By Deron Hamel
Megan Sherwin was diagnosed with epilepsy at age 9. She’s also living with cerebral palsy. But living with these conditions does not control her life. In fact, Megan says she finds herself inspired to show others that she can do anything she wants.
“I have faced many challenges growing up, but that did not stop me from giving up at all,” Megan says.
“The biggest obstacle I think I have had to face is adversity. I’ve always had to show people that even though I have a disability and seizures, I can do anything I set my mind to.”
Megan describes herself as someone who likes to lead by example. At school, she played soccer and basketball. She also took piano lessons and has worked as a summer camp counsellor, a swimming instructor and lifeguard. She has played hockey and is an accomplished para-swimmer who has competed at a national level.
“Although all these achievements may not seem like obstacles, getting to them was,” she says.
“People doubted me when I tried out for teams or started a new activity. They would take a look and say, ‘Why is she here? She won’t be any good.’
“So, I had to push past all the negativity and try out for the things that I wanted to, whether I was any good at them or not. … I believe that because I’ve done all these things, it’s made me the person I am today and the person I want to be in the future.”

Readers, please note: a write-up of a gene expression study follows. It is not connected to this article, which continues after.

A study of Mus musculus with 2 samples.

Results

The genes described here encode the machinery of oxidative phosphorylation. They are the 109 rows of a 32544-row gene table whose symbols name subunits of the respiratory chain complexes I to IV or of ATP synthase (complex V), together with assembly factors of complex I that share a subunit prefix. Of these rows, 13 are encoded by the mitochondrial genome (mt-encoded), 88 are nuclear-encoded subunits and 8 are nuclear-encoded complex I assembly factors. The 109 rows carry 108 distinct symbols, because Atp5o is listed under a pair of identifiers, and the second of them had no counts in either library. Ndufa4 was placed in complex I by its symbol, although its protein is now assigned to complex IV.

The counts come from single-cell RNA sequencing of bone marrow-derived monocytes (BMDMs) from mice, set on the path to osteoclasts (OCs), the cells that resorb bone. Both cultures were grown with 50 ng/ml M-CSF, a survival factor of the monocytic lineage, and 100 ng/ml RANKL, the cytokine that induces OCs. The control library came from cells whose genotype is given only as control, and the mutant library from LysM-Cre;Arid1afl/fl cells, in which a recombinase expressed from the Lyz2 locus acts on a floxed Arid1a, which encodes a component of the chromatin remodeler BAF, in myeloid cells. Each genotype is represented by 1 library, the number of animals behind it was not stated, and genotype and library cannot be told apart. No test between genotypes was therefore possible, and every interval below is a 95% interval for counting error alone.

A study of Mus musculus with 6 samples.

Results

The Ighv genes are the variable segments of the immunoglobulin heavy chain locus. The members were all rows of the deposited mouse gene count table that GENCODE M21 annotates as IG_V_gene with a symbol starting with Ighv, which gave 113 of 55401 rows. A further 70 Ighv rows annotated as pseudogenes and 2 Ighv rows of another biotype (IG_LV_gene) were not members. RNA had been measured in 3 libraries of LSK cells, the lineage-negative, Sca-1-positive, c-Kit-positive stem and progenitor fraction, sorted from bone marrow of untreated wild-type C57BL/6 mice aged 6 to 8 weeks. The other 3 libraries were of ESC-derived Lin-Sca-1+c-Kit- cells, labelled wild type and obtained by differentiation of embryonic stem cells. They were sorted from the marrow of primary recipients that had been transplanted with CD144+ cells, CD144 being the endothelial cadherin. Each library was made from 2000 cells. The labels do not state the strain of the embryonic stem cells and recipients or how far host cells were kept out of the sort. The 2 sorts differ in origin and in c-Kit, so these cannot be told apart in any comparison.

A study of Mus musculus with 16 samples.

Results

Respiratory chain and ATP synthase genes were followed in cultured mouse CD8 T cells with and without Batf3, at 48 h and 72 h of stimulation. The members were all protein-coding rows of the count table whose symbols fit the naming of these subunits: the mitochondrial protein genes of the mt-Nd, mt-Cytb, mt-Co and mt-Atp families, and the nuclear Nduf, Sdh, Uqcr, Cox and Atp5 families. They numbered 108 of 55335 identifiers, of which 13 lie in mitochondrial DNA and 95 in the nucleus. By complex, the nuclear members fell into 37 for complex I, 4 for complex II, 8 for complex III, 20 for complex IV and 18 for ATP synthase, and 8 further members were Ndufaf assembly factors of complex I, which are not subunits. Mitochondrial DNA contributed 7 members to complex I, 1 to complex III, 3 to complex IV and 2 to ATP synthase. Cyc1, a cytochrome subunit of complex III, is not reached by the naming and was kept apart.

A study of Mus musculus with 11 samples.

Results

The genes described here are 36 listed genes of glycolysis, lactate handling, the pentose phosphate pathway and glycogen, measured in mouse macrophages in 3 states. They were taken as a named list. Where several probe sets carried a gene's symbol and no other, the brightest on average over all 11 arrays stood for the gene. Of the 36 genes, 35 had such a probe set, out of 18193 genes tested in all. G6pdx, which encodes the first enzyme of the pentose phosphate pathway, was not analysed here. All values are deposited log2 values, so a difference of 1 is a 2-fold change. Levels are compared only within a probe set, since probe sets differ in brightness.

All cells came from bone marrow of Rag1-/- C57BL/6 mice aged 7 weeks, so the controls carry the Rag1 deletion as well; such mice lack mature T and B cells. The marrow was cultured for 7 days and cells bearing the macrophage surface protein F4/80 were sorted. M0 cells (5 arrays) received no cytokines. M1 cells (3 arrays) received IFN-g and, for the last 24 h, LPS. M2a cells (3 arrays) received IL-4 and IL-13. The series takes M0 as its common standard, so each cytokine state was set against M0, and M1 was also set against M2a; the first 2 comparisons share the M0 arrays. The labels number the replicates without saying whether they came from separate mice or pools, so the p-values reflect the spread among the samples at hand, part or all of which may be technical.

Looking ahead, Megan says whichever career path she decides on, she wants to be able to help others and make a difference in people’s lives.
She especially hopes to inspire children living with epilepsy and help them understand that they can accomplish their goals, Megan says.
“My vision is that one day people will forget that they even (have) epilepsy because they are living their best life to the fullest,” she says.
Megan is now in her second year of study in the recreation and sport business program at the University of Waterloo. She is also one of the recipients of this year’s Osler Epilepsy Scholarship. The $1,500 scholarship, formerly called the OBCL Epilepsy Scholarship, is being offered to six students this year.
Osler Epilepsy Scholarships are awarded each year to exceptional students who have confronted and overcome remarkable barriers in their academic and personal lives due to their epilepsy.
As part of this year’s application process, students submitted a 600- to 900-word essay focused on how they could see themselves helping an epilepsy association or another charitable organization in the future, based on their personal experiences.